The thing about love is that it is mysterious; it comes and goes according to its own will; it is a wild animal, noble and beautiful and fearsome and skittish. It does not obey anyone, and its nobility and beauty can’t be captured, can’t be caged.
You know it when you feel it; it is delight, joy, peace—everything that is good—filling your being and tingling in your extremities at seeing another person. It is not infatuation in that it has no future; it is not about seeing them “again” or wanting to be with them “in the future” or hoping to have and hold them. It is pure regard and admiration. It lives in the eternal present; it has no history and makes no plans or prophecies. It cannot be preserved or saved, nor stored up for the future. It encompasses waves of gratitude—for being, and for beauty, and for the life that makes love possible.
It must be free to be real, to be now, to be itself and nothing more, to be the creature of truth that it is. And it must be free to exist on its own terms.
You can’t manage it. You can’t direct it. You can’t ask favors of it or give it responsibilities. The moment you sit down to do Work in the name of Love, you corner it—cause it to behave and appear like a wild animal caught—you demean it, rob it of its truth and nobility, cause it to be unnaturally savage. Even worse, by trying to do Work in the name of Love, you may simply kill it. Certainly it can neither thrive nor reproduce in captivity. That is not to say that love is not active, that it is not an action, or that it is not something to consciously do. Only that if it is Work that you are doing, it is not Love that you are doing, even if it is Work in the interest of Love.
This is another way of talking about truth. Truth is, it simply is, and it can only be experienced in being, not in will. Love and truth are, in fact, the same thing. You cannot make them do your bidding. When you try—you fail, and you make the world more gray, more bleak than it was. To try to force love and truth to obey your will is to either lose them or to capture and hold them captive as shadows of their real selves.
Either way, under such circumstances, you cannot have them. You cannot have in control and captivity that which you glimpse and are edified by in the wild. They will not be what they were; they will not be what you hoped to use or to capture when you try to do so.
There is only one thing—to let them be free. To protect, in fact, their freedom, fiercely. Because your world and the worlds of the people that you love are darker places without them.
Every time a person says, “I love my wife” or “I love my husband” or “I love my children,” they risk putting the person they love, and love itself, into captivity. There can be no “my” in love.
The wife, the husband, the children—over time, they will not feel “my” as love. They will feel it as a cage. To love is to love them, the being in-themself and as-themself, separately and apart from your own being, without trying to encompass and own theirs. The moment you find yourself trying to love them as them “my” whatever-it-is, you have lost the thread, and they will feel in the end not love, but captivity.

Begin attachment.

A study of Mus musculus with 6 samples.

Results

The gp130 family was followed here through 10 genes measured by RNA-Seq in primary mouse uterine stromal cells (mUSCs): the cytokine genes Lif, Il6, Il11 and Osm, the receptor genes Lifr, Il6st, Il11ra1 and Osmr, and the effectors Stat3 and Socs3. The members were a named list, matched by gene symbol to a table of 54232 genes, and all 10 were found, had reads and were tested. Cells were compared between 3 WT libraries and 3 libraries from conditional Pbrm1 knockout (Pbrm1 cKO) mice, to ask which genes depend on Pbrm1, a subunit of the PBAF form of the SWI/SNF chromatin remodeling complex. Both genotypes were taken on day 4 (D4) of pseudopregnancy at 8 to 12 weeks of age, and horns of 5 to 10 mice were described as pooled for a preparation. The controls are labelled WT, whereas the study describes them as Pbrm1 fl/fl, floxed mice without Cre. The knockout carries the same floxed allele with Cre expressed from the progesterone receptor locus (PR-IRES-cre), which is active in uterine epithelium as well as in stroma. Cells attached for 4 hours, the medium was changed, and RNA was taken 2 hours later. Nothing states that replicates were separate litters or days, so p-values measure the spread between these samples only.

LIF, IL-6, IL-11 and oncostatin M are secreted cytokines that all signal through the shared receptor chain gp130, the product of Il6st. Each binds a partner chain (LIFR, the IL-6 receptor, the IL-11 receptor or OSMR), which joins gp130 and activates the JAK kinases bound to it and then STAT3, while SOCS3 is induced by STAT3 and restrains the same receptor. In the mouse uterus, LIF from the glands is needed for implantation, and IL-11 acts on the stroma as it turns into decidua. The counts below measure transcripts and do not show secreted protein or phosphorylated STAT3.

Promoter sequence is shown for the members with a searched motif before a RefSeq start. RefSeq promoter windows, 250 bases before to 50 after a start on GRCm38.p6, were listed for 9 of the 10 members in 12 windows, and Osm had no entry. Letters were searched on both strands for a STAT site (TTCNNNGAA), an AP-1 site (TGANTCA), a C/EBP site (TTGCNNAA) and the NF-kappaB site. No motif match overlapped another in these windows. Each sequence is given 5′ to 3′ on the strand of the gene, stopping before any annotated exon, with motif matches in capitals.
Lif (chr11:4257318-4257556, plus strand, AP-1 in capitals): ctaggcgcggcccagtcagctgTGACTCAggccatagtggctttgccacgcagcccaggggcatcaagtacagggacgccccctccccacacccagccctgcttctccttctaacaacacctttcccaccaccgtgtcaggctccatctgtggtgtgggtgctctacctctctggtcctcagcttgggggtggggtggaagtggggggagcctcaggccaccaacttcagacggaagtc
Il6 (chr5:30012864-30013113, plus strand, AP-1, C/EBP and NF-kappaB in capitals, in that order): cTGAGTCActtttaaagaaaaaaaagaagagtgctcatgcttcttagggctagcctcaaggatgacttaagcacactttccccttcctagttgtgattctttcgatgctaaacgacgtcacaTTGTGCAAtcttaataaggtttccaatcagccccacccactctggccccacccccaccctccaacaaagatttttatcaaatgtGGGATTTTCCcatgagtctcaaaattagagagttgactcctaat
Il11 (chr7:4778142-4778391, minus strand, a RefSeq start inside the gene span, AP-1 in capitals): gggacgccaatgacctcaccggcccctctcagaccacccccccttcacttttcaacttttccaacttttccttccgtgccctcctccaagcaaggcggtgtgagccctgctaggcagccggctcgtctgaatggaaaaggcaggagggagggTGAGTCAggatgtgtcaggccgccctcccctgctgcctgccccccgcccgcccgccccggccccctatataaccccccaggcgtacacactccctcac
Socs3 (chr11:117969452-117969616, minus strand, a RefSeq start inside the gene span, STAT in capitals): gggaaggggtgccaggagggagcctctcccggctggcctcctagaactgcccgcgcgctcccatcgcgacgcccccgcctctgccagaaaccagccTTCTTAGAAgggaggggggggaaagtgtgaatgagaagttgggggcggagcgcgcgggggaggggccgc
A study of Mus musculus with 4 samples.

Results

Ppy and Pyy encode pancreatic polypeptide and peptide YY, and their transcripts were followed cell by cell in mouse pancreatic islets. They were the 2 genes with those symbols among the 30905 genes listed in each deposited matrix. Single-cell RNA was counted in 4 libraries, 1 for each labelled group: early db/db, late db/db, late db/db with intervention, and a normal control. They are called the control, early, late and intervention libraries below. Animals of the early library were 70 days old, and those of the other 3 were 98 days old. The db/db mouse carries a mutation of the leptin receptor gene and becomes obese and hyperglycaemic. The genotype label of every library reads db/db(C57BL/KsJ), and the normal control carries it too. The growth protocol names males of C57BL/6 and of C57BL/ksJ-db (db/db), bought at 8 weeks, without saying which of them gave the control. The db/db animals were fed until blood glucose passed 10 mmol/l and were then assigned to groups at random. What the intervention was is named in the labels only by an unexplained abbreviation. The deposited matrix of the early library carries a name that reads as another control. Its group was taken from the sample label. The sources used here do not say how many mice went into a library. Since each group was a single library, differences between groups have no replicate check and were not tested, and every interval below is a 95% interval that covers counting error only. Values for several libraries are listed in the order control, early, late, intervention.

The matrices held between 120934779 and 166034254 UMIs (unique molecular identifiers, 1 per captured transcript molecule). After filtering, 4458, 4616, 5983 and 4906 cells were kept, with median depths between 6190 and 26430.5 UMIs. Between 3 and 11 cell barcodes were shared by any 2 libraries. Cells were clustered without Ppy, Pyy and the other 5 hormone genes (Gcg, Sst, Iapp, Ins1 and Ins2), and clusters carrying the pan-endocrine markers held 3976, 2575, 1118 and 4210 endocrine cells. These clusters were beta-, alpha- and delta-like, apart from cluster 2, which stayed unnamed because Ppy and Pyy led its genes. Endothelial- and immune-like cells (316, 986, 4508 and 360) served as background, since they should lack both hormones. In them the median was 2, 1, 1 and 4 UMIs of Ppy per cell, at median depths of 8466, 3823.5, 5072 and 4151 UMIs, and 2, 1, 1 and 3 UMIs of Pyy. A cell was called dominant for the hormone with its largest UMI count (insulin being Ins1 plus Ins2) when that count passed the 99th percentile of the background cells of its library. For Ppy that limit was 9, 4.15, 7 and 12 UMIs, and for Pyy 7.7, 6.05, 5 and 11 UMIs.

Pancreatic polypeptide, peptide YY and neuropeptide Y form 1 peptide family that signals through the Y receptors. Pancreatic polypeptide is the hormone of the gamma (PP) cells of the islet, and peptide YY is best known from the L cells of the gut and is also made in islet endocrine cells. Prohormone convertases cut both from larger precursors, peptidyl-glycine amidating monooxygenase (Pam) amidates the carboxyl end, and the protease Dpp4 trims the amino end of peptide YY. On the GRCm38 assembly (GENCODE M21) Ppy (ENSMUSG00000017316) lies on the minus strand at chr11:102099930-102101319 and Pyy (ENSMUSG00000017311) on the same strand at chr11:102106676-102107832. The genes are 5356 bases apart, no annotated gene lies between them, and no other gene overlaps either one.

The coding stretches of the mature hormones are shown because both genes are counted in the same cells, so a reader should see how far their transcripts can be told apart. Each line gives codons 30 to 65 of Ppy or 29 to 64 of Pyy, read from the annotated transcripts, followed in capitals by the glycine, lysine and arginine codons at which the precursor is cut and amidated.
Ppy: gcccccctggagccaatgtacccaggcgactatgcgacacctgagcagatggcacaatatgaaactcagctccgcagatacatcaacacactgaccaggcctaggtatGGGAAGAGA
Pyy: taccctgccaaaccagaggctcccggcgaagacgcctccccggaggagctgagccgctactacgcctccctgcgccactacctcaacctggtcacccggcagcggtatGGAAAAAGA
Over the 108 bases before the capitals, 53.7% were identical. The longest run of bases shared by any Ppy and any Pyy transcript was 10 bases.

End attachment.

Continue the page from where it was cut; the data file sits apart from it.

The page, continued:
I know this from both ends of the phenomenon. I have spent much time in captivity, and I have held captive. Under such conditions, all is lost. Wildness becomes domestication and fear; noble becomes ignoble; beauty becomes fallenness.
There is only one way to love, and that is across the gulf that separates all beings. Love as pure, immediate delight and pleasure in someone’s very existence and nature, not in their relationship to you and without awareness of any relationship that may exist. The rest is self-destructive nonsense.
Whenever such questions are asked, love is already in trouble.
Because love as an act involves no questions; you either do the things of love you you don’t. In the moment, when you see them, you either want to or you don’t. To try to reason it out, to try to make judgments—that speaks of control. People that do this aren’t trying to love or reveling in being loved; they are trying to control their own lives, and precious little of it is about the other person.
To ask yourself whether or not you ought to try to own them or allow them to own you—misses the point entirely, and does not bode well for the future of any love at hand. “Do I really want to be with them?” is at once “Should I take them?” (from the wild), “Do I want responsibility for them?” (as a pet or as a slave), “Should I let them take me?”, “Do I want them to be responsible for me?” and so on.
If you love them or want to love them, go and be with them and share. Nothing more is needed or can be encompassed. If you don’t, don’t. If you are thinking about consequences, you are haggling with them and yourself about the conditions of captivity—theirs, yours, or both. And in humans, captivity is incompatible with love.
It may be too late for some relationships in my life. But I can be a better parent; I can love them as-themselves, and not as-my-wonderful-children. Because no matter how apparently genuine and positive the latter, such feelings are destructive. They are their own. And the love that I feel for them must be its-own as well. I can do the same with my friends.
It is a kind of truth that I am able to feel again, perhaps am able to be again, even if just a little, for the first time in a very long time.